Visual-Spatial Abilities Relate to Mathematics Achievement in Children With Heavy Prenatal Alcohol Exposure


Objective:

The current study examined the relationship between mathematics and attention, working memory, and visual memory in children with heavy prenatal alcohol exposure and controls.

Method:

Subjects were 56 children (29 AE, 27 CON) who were administered measures of global mathematics achievement (WRAT-3 Arithmetic & WISC–III Written Arithmetic), attention, (WISC–III Digit Span forward and Spatial Span forward), working memory (WISC–III Digit Span backward and Spatial Span backward), and visual memory (CANTAB Spatial Recognition Memory and Pattern Recognition Memory). The contribution of cognitive domains to mathematics achievement was analyzed using linear regression techniques. Attention, working memory, and visual memory data were entered together on Step 1 followed by group on Step 2, and the interaction terms on Step 3.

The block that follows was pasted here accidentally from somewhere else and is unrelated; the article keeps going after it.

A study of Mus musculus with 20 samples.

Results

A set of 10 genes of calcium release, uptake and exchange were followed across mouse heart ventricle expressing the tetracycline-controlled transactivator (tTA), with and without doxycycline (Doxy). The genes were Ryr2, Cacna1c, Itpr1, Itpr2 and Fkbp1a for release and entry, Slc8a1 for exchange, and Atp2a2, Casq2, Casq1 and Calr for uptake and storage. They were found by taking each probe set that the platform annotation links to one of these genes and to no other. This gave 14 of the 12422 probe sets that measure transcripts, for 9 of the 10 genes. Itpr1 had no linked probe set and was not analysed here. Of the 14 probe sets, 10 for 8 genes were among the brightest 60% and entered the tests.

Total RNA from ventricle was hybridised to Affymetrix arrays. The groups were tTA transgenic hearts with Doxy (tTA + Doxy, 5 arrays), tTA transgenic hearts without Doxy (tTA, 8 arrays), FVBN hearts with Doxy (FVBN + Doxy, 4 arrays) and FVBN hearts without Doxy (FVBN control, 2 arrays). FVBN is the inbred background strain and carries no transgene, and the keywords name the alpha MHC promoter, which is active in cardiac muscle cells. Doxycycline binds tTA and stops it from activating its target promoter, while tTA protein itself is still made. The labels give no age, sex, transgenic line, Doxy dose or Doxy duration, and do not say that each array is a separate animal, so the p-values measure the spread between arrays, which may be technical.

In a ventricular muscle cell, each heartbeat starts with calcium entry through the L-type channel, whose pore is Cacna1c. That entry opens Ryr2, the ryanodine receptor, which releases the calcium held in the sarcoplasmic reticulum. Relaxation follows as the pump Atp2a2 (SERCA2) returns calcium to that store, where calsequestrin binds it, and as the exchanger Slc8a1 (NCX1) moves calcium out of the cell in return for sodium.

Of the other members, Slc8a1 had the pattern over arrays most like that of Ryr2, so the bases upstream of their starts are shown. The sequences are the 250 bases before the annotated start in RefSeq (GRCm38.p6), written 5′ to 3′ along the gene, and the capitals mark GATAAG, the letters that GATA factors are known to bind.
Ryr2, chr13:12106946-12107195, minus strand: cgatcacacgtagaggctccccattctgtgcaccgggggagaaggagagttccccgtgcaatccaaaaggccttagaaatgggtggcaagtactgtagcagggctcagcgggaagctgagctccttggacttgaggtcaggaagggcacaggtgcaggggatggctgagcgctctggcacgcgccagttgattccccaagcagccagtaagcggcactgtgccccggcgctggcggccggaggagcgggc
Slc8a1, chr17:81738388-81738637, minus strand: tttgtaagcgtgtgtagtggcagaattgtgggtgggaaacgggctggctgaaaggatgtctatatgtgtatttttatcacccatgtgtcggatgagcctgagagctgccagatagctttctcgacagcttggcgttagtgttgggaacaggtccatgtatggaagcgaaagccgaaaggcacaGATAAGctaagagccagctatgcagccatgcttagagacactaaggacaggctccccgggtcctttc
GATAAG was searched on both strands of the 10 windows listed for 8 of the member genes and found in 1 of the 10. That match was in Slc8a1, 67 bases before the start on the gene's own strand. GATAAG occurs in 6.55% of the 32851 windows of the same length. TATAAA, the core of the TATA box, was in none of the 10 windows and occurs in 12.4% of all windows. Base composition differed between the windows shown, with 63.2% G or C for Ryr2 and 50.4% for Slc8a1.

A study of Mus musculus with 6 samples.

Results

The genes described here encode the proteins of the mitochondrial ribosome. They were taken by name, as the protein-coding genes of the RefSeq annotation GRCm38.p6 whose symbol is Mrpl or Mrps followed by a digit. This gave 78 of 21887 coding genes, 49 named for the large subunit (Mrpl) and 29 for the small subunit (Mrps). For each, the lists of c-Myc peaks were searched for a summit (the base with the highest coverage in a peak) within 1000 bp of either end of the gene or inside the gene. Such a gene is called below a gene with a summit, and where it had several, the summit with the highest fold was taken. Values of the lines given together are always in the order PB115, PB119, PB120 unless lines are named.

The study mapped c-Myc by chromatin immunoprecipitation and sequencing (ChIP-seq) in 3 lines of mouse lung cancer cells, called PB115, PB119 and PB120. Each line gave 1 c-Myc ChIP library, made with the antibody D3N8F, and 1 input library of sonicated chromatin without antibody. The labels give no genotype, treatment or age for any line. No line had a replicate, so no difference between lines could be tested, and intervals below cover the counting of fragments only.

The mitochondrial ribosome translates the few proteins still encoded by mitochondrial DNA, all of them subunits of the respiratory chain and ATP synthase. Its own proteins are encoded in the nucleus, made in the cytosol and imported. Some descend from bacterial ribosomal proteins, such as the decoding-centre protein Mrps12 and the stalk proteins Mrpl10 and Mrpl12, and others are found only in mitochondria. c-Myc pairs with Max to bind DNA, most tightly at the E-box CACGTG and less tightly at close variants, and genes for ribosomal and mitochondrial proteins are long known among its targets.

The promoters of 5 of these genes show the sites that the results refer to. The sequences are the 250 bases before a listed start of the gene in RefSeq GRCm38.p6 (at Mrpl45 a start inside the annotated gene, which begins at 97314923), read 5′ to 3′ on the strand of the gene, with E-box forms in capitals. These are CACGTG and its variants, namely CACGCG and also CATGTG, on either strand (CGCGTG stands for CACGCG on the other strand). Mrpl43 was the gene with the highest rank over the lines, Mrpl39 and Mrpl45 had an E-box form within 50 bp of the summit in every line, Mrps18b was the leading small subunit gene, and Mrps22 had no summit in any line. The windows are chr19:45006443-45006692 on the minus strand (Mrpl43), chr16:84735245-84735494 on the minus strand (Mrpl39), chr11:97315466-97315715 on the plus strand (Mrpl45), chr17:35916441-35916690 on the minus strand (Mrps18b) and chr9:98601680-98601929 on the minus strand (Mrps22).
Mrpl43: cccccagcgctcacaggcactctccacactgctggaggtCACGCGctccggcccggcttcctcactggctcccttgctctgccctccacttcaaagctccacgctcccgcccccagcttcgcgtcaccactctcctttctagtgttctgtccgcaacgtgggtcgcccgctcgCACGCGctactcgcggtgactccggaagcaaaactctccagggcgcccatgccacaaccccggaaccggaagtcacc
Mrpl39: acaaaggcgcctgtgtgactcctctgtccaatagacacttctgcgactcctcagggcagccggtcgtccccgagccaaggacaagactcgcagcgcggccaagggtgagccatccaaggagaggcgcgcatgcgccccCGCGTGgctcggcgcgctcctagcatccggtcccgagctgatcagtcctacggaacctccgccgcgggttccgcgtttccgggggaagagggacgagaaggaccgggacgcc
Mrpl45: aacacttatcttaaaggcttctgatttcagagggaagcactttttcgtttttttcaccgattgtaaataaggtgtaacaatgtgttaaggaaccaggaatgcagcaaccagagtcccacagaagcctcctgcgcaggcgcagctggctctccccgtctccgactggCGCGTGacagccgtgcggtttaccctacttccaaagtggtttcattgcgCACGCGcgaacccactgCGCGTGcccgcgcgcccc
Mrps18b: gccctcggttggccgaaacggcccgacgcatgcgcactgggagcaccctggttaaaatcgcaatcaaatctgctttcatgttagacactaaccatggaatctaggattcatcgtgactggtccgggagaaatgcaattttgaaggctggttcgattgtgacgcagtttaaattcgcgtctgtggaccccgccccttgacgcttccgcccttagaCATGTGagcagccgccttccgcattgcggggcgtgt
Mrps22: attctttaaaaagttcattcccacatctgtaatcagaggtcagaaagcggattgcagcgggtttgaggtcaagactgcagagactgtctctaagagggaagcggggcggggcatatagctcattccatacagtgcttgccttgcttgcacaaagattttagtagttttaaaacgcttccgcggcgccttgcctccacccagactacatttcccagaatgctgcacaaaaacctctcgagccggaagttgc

Results:

Model 1 accounted for a significant amount of variance in both mathematics achievement measures; however, model fit improved with the addition of group on Step 2. Significant predictors of mathematics achievement were Spatial Span forward and backward and Spatial Recognition Memory.

Conclusions:

These findings suggest that deficits in spatial processing may be related to math impairments seen in FASD. In addition, prenatal alcohol exposure was associated with deficits in mathematics achievement, above and beyond the contribution of general cognitive abilities.